The term “preparation” has many meanings. Yes, today you got up, cleaned up, had breakfast, put your clothes on, and came to open fencing. The getting up, cleaning up, eating, etc. was all preparation. Not what this post is about. You warmed-up, a nice, quick 10 minutes of light work so you would be prepared to fence. Not what this post is about. You practice on the wall target to make sure you could hit a target 1 foot by 1 foot square. Not that either. All of these things are preparation to fence, along with all your previous practice sessions, conditioning work, etc. But, no, not it. So what are we talking about when we say “preparation”?
Preparation is everything we do to ensure the success of a desired tactic in the fencing phrase. It is the use of psychological techniques and deception to mislead the opponent, the use of footwork and tempo to create opportunities, the creation of distance, timing, and movement conditions for your desired action, and finally the blade actions needed to make your hit successful. Exceptional preparation is why elite fencers can score with the same action time-after-time against opponents who know what the fencer is going to do as the go-to technique.
Let’s focus on blade preparation and the attack for this session. The problem is how to create an opening line. Remember that in most cases we will not attack a closed line, and we will not attack an open line when the opponent is stable. Doing either enables the opponent’s parry and riposte.
There are four ways to create an opening line:
ENGAGEMENT or CHANGE OF ENGAGEMENT – the reality is that fencers do not fence from engagement. However, it is possible to engage the blade or change lines to create an engagement in movement. In this case think of engagement using the definition that engagement is a domination of the opponent’s blade (as opposed to being a neutral position, the more common American definition). If the opponent does not react, your blade may be deep enough to make an attack by lateral prise de fer successful. A lateral reaction creates the opportunity for a disengage, and a circular reaction for a counterdisengage, attack.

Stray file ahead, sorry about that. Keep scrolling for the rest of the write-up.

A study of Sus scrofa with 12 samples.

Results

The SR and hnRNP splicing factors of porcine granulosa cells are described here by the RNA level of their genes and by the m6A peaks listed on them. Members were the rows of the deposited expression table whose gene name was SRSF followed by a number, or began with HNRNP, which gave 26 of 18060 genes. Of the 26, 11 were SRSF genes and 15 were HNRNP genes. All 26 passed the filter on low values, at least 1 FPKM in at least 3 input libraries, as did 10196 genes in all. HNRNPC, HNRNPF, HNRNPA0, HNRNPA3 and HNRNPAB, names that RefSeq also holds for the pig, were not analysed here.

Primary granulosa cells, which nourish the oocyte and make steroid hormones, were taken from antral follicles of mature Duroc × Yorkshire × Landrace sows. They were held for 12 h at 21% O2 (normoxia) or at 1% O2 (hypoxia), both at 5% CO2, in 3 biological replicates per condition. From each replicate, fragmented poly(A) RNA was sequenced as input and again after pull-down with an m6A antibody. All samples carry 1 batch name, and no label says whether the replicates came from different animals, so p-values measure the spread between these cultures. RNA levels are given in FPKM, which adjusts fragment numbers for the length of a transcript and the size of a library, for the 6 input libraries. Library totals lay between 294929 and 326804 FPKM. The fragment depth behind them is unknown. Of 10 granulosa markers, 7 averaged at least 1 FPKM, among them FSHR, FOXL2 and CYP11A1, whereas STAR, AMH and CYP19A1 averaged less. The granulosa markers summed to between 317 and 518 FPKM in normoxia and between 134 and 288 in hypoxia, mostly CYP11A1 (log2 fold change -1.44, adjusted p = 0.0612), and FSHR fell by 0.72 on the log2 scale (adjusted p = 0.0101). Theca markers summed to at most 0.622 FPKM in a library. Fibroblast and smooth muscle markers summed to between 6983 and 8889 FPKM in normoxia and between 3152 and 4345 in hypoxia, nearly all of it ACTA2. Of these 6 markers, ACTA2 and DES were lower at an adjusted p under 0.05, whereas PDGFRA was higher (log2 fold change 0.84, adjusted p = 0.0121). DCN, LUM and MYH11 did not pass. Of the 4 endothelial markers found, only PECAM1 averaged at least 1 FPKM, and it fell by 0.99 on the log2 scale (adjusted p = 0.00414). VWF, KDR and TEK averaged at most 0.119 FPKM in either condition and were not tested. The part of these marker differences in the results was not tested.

COMPOUND ATTACK – compound attacks prepare with the feint as discussed in our last post. In this case, the success of the preparation depends upon the opponent’s reaction to the feint.
ATTACKS ON THE BLADE – in modern fencing the press is still possible under some conditions, but the most common way to set the opponent’s blade in motion is the beat. Beats should be sharp, quick, and without sitting on the opponent’s blade. To the greatest extent possible avoid cocking the hand or arm, as this allows an opponent to derobe. The attack flows immediately from contact with the opponent’s blade as that blade deviates from the line. Depending on the opponent’s reaction the attack may be a straight thrust, with or without opposition, or any other simple attack.
TAKINGS OF THE BLADE – most of the takings of the blade work best with the presentation of a straight, extended blade by the opponent. And it is unlikely that an opponent will leave that out for you to take advantage of. That means that, unless you are attacking with a riposte, the action to take the blade is probably off a sweep or as a lateral prise de fer. I use the term “lateral prise de fer” because there is wide variability in the terms used and in subtle gradations of difference in degree of lateralness between glide, graze, coule, opposition thrust, and even froissement. These actions have to be progressive and almost diagonal in character – one cannot go grab the blade and then go forward. Blade taking and the forward thrust must be an integrated continuous movement.
In summary, we have four purely blade possibilities as preparations:
- One requires the opponent to do the work of creating an opening line – the feint in the compound attack.
- Two use your blade action to remove the opponent’s blade – by percussion in the attack on the blade and by leverage in the taking of the blade.
- One can do either depending on the opponent’s reaction – the change of engagement.
In each case the preparation is the first blade action – it must be followed by at least one more blade action. At the most basic, a straight thrust into the opening line when the opponent does not attempt to counter the final action off the preparation in time. If the opponent does start to react in time, the fencer must either run a preplanned play in the case when there is reasonable certainty the opponent will react and what that reaction will be, or react to the reaction eyes-open.